Abstract

Intimate partner violence (IPV) and poverty plague populations as twin social crises. Just as IPV has implications in terms of gender, race, magnitude, and deleteriousness—so does poverty. IPV cuts across demography but has concentrated burden for certain groups. In addition to the many dimensions of violence survivors may face, survivors may face economic abuse, as well as difficulty working or attaining an education. Poverty, measured in relative and absolute terms, is stratified by various demographic categories (e.g., disability, ethnicity, gender), with certain groups facing an enhanced prevalence of the issue. With these demographic disparities working in the background of the IPV-poverty connection, various inequality dynamics (e.g., social control, resource scarcity, bureaucracy) constrict survivors' options. This constriction can lead to deleterious outcomes: homelessness, staying with partner-violent people, or facing failure-to-protect prosecution. Having concentrated implications for female-headed families, these possibilities have been subject to policies that attempt to moderate and disentangle the IPV-poverty relationship. Public policies targeting IPV and poverty, constructed through federalism, separation of powers, and symbolic politics, are further implemented to target various IPV categories, including firearms, housing, immigration, healthcare, employment, and compensatory strategies for victims. The current study aims to answer the following research question: What are the intricacies of the relationships among IPV, IPV-related statutes, and poverty rates among female-headed families with related children at the state-level in the United States? Using secondary data and legal sources, the current study looks at the potential moderating effect of policy in the IPV-poverty relationship across the United States's major subnational units. Discussions of findings are provided accordingly.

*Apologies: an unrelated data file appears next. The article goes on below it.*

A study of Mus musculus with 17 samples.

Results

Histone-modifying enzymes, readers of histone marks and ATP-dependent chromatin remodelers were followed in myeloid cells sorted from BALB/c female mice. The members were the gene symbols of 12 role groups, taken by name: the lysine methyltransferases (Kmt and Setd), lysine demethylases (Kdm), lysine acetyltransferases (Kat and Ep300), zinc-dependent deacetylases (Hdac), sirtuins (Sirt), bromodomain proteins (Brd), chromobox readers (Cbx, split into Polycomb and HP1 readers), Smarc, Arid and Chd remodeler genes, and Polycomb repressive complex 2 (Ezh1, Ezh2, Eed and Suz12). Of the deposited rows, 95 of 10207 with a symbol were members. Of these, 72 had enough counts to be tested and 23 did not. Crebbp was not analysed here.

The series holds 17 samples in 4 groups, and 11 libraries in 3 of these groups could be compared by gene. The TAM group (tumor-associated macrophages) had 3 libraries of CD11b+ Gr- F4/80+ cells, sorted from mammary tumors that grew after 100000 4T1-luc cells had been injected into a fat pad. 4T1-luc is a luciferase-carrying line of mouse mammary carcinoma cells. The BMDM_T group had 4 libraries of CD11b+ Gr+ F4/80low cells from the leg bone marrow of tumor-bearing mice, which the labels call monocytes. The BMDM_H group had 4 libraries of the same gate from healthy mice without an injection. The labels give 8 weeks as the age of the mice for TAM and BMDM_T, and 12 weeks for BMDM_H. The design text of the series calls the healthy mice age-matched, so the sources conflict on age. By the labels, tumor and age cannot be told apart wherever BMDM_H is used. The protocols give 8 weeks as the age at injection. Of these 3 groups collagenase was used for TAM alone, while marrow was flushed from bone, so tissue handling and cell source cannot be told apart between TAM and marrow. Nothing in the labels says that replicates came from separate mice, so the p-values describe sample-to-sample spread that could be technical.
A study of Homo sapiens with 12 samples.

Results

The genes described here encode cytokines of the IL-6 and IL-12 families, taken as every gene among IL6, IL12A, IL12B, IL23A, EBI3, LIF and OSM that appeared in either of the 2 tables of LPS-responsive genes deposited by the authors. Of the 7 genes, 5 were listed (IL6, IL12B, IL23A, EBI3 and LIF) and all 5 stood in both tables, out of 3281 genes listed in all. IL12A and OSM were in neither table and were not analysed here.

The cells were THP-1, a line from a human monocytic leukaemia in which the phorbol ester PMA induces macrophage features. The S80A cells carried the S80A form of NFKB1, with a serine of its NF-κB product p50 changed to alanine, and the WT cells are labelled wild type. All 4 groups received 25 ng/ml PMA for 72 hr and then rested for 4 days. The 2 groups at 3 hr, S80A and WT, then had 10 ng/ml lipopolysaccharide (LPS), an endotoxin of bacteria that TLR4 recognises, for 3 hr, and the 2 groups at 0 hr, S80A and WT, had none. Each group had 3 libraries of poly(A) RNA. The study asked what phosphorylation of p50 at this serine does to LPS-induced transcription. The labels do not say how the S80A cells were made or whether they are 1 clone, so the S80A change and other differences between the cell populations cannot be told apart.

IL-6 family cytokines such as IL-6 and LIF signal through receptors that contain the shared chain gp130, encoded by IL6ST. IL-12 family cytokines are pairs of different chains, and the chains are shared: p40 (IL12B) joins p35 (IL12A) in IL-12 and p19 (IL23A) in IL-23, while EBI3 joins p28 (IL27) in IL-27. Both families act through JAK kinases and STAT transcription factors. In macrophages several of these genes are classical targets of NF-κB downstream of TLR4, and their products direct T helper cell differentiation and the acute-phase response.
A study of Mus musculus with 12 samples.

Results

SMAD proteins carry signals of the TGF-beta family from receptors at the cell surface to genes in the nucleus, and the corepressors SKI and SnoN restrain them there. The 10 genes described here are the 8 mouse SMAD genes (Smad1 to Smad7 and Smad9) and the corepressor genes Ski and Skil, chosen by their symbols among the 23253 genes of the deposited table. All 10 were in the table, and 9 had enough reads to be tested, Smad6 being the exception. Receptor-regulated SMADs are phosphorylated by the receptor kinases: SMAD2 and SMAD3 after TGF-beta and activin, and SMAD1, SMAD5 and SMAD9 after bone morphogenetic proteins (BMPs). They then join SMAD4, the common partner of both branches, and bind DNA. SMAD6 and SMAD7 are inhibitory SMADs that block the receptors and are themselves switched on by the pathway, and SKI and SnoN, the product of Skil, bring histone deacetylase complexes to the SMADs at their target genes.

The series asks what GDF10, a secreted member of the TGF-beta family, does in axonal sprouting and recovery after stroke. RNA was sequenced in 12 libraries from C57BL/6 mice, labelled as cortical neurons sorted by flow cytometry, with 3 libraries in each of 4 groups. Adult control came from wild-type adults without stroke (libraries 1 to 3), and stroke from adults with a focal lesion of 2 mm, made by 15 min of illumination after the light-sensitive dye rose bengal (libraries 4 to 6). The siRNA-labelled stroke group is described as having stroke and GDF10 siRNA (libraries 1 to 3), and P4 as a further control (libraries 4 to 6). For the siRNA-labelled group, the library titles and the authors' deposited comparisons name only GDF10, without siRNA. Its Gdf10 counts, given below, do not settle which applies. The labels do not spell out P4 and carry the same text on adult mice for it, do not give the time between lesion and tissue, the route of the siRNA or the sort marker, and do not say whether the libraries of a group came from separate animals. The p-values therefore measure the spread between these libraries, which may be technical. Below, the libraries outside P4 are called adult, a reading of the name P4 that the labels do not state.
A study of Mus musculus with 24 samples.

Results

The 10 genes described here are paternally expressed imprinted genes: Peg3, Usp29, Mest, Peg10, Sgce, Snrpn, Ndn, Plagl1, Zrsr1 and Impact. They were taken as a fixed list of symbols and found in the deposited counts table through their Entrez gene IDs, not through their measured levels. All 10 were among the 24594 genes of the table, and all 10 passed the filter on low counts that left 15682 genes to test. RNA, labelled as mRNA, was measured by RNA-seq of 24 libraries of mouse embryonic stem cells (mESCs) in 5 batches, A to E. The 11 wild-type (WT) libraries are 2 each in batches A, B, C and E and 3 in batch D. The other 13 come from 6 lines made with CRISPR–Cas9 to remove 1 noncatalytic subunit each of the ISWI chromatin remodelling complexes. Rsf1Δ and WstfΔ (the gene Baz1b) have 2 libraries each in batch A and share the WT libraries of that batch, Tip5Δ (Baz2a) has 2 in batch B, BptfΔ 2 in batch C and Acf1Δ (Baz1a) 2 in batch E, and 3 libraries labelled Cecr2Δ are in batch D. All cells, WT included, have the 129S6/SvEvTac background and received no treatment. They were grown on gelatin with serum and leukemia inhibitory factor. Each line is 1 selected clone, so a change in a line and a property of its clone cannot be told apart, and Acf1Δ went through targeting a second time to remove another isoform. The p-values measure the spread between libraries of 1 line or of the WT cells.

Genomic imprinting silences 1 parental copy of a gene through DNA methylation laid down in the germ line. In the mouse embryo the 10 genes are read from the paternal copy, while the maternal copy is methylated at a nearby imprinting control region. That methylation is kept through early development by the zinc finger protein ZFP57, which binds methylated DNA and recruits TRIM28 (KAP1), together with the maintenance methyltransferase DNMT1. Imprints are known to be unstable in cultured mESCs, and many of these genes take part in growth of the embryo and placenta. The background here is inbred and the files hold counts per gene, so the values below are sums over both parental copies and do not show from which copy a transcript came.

Notes


2022

Semester

Summer

Advisor

Donley, Amy

Degree

Master of Arts (M.A.)

College

College of Sciences

Department

Sociology

Degree Program

Applied Sociology; Domestic Violence Track

Identifier

CFE0009231; DP0026834

URL

https://purls.library.ucf.edu/go/DP0026834

Language

English

Release Date

August 2022

Length of Campus-only Access

None

Access Status

Masters Thesis (Open Access)

Restricted to the UCF community until August 2022; it will then be open access.